Japan's baseball national team manager Hiroki Kokubo

After baseball superstar Ichiro Suzuki recently broke the record of most hits in baseball history, the Mainichi Shimbun spoke with Hiroki Kokubo, Ichiro's contemporary and the manager of Japan's national team, for his reflections on his meetings with the Miami Marlins outfielder.


Kokubo: "4,257 hits ... Even though I am also in the world of baseball, it is such a large number that it is hard to grasp.

I have an unforgettable memory of Ichiro. In 1995, when I was in my second year as a pro, I became the top homerun hitter in the Pacific League, and I got a big head. Due to that, in the 1996 season I did awfully. Meanwhile, Ichiro was barreling forward, making it his third straight year as a batting champion.

At that year's All-Star Game, as Ichiro and I were practicing running in the outfield, I asked him, 'Has your motivation ever fallen?' Ichiro looked me in the eye and asked, 'Are you just playing baseball to leave behind records?' He continued, 'I have inside me a rock I want to polish. Through baseball, I want to make it shine.'

My face went red for having asked such an embarrassing question. From his answer I obtained the idea of polishing my inner self through baseball.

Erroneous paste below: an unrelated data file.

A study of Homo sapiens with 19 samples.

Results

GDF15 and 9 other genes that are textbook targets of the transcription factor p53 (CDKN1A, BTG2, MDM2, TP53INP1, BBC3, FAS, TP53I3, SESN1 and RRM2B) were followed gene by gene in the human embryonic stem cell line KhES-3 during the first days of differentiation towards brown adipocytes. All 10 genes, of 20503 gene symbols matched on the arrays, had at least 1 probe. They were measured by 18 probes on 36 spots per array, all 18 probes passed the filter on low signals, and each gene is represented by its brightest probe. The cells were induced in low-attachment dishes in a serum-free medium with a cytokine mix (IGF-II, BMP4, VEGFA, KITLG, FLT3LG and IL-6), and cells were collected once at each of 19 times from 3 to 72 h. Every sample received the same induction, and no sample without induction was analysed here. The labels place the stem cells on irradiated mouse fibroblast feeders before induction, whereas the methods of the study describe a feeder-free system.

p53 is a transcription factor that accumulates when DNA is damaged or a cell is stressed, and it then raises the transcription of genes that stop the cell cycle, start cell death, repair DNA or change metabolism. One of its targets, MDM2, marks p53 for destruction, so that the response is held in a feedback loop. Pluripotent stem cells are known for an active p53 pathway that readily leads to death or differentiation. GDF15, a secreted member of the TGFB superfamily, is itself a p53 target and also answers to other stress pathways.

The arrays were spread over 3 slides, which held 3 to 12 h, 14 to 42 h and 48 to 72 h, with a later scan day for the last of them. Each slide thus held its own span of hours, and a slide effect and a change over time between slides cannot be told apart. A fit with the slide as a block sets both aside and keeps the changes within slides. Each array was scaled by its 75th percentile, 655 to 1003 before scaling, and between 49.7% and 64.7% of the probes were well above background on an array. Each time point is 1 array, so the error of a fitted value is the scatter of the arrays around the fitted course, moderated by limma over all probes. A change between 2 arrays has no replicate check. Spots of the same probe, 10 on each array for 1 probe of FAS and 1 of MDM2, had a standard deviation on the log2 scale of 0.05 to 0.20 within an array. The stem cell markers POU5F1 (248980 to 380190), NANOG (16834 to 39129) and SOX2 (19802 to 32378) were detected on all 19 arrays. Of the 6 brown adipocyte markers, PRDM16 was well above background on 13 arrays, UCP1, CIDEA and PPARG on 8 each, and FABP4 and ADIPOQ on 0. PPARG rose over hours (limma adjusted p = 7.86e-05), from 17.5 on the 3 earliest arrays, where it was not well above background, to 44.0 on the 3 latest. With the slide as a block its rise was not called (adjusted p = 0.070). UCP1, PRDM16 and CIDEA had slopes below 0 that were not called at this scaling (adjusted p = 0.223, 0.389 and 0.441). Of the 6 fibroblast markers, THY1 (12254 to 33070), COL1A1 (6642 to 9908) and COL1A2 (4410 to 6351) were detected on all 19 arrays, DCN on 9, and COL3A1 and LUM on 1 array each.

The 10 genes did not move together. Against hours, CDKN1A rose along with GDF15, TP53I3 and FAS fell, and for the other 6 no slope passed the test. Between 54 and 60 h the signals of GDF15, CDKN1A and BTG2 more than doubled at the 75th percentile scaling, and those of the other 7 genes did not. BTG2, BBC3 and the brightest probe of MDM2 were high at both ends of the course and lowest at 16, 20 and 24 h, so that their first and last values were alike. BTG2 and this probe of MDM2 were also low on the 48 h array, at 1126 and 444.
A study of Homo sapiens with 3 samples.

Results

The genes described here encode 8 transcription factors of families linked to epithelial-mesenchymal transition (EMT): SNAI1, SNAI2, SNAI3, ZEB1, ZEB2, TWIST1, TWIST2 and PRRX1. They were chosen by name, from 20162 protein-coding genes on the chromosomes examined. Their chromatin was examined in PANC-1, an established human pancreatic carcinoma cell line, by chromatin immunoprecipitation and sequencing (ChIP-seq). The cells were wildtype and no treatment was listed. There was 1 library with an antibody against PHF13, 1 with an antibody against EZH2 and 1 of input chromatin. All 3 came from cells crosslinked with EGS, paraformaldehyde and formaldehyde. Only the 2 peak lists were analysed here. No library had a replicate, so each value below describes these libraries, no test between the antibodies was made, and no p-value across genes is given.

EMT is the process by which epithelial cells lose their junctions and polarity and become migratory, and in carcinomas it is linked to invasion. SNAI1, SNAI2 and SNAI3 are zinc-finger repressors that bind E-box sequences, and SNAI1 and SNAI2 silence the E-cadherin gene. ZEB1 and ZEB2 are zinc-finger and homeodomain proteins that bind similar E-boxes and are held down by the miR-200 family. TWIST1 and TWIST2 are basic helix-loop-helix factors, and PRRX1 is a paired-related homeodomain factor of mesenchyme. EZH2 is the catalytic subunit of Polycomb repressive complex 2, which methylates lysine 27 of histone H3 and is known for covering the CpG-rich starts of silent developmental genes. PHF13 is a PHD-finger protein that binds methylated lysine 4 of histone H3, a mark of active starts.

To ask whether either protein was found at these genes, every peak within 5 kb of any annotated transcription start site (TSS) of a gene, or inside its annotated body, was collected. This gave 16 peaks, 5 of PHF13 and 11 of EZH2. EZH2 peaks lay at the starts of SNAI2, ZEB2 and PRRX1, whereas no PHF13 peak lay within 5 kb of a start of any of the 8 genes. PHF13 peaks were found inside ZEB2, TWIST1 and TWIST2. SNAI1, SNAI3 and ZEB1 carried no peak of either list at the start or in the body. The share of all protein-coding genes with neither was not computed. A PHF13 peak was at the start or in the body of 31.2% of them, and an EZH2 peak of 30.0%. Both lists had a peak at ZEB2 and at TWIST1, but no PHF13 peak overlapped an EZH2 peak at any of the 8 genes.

Since then, when I go to eat with him, I take a notebook with me where I write down the things he says that stick with me. For example, 'preparation for preparation.' That's making preparations for the preparations you make. This is why Ichiro is that much in control of himself even now, though he's no longer on the regular roster, when he suddenly appears in a game he can still hit well. He must have a great inner conflict at no longer being able to always bat in games, but he doesn't let up on his preparations anyway.

People can become humble for the first time when they meet someone toward whom they think, 'I can't beat this person.' Ichiro is two years younger than me, but to me he is that person I can't beat.

I am now the manager for the national team Samurai Japan. I can't say if Ichiro will be on the team at the World Baseball Classic next year without having a frank talk with him first, but for the sake of Japanese baseball I hope he is. I think that Shohei Otani (of the Nippon-Ham Fighters), Tetsuto Yamada (of the Yakult Swallows) and Yuki Yanagita (of the SoftBank Hawks) would also become aware of their weaknesses and come to think that they can make more of themselves if they talked with Ichiro. Only Ichiro can impress the top players of Japan and raise their level of play yet higher."